Fleeting beauty: What Japanese culture teaches us about the cherry blossoms →

April 13, 2015 |

Lovely piece by Diane Durston for the Washington Post:

The Japanese words “wabi” and “sabi” express the rather complicated feeling we have for this kind of simple beauty; a loveliness that is all the more precious because of the realization that nothing lasts. They describe the quietly moving beauty of a handcrafted bowl that has been handed down in the family for generations—you feel the touch of the hands of everyone who has cared for it over time. It may no longer be a perfect bowl, and you understand that, like the cherry blossoms, it won’t last forever, but that is what makes it all the more exquisite. As Leonard Cohen said, “Ring the bells that still can ring / Forget your perfect offering / There is a crack in everything / That’s how the light gets in.”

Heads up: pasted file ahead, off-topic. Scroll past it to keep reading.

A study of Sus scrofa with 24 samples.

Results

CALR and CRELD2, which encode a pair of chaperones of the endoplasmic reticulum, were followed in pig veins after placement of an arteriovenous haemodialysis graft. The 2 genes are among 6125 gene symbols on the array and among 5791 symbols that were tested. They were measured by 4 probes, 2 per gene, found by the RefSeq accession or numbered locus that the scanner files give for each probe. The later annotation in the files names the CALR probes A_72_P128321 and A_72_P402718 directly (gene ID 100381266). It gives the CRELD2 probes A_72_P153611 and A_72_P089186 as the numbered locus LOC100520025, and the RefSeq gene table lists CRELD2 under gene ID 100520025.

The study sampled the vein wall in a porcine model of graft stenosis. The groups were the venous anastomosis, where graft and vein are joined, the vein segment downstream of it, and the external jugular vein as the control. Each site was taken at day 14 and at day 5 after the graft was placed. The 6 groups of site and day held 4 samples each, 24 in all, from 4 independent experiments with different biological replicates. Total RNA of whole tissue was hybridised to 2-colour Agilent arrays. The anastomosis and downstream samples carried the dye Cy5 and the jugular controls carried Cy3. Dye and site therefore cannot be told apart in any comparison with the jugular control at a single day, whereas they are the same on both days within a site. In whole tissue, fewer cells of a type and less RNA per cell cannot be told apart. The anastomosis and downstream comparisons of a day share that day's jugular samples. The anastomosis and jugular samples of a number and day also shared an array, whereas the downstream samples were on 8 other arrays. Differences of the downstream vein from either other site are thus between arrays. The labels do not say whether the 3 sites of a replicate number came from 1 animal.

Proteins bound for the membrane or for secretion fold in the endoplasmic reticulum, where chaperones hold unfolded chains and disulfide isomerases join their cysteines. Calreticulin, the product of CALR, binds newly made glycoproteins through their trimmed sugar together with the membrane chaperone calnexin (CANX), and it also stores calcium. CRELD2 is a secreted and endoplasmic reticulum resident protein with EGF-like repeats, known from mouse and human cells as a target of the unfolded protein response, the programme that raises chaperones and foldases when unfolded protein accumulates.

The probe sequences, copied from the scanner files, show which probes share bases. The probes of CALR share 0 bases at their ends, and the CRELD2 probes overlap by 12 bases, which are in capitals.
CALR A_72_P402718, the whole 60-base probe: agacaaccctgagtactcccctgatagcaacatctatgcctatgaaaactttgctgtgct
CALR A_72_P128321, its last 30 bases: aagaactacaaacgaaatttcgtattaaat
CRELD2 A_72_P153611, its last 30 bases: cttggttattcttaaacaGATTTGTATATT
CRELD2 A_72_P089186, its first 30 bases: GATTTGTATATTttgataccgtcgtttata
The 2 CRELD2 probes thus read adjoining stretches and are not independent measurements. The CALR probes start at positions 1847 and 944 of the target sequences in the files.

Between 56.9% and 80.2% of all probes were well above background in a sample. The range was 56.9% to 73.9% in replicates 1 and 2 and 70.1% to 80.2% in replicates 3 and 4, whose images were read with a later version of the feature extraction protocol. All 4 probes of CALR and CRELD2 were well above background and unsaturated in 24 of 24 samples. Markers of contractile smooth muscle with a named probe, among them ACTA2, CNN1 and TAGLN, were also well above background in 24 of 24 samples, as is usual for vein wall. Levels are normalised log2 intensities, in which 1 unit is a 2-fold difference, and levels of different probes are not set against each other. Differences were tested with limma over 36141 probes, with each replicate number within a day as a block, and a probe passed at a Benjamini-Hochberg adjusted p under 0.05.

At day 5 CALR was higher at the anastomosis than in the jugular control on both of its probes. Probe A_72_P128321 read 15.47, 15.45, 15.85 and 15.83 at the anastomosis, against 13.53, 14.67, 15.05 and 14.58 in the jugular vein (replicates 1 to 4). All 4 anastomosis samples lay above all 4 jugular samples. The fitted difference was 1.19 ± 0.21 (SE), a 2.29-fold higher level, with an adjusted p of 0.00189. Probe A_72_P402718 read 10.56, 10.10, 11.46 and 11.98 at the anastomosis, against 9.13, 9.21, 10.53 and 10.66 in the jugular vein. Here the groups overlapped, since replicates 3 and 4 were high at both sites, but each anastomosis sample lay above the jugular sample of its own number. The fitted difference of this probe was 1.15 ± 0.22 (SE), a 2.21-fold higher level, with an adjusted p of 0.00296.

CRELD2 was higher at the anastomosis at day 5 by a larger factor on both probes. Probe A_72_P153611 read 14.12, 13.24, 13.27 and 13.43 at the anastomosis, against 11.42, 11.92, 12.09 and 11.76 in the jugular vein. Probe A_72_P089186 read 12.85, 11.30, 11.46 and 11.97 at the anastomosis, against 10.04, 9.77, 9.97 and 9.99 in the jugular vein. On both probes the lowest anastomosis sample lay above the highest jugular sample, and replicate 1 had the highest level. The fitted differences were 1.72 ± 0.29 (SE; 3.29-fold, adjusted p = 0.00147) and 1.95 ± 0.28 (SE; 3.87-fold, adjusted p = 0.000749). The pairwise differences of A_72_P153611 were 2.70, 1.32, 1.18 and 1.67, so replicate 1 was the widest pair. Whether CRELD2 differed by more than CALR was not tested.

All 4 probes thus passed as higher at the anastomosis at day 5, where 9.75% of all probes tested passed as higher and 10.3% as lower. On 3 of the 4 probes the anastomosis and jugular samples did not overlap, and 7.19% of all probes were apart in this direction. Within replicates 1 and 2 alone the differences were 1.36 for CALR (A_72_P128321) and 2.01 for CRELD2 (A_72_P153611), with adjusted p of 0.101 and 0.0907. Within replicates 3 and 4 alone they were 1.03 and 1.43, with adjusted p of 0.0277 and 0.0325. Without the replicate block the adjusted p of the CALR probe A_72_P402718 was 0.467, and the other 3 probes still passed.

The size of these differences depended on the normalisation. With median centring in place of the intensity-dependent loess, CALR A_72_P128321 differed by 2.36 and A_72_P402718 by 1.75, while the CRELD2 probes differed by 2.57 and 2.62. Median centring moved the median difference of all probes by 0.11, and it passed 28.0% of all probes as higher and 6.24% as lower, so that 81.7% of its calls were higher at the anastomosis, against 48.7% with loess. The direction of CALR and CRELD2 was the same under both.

The cherry blossoms are a yearly event near and dear to my heart. My hometown, Plasencia, is located right in the heart of Jerte Valley, one of the world’s leading cherry producing regions.

Every year around April, when the cherry trees blossom in a spectacular coordinated display that paints the entire valley white, thousands upon thousands of tourists gather to witness this magical sight.

For a few precious days — the full bloom rarely lasts more than three days — we are reminded of how beautiful our planet can be, and how fleeting beautiful things are.

Photo credit: “A Flood of Cherry Blossoms”, by Miquel González Page.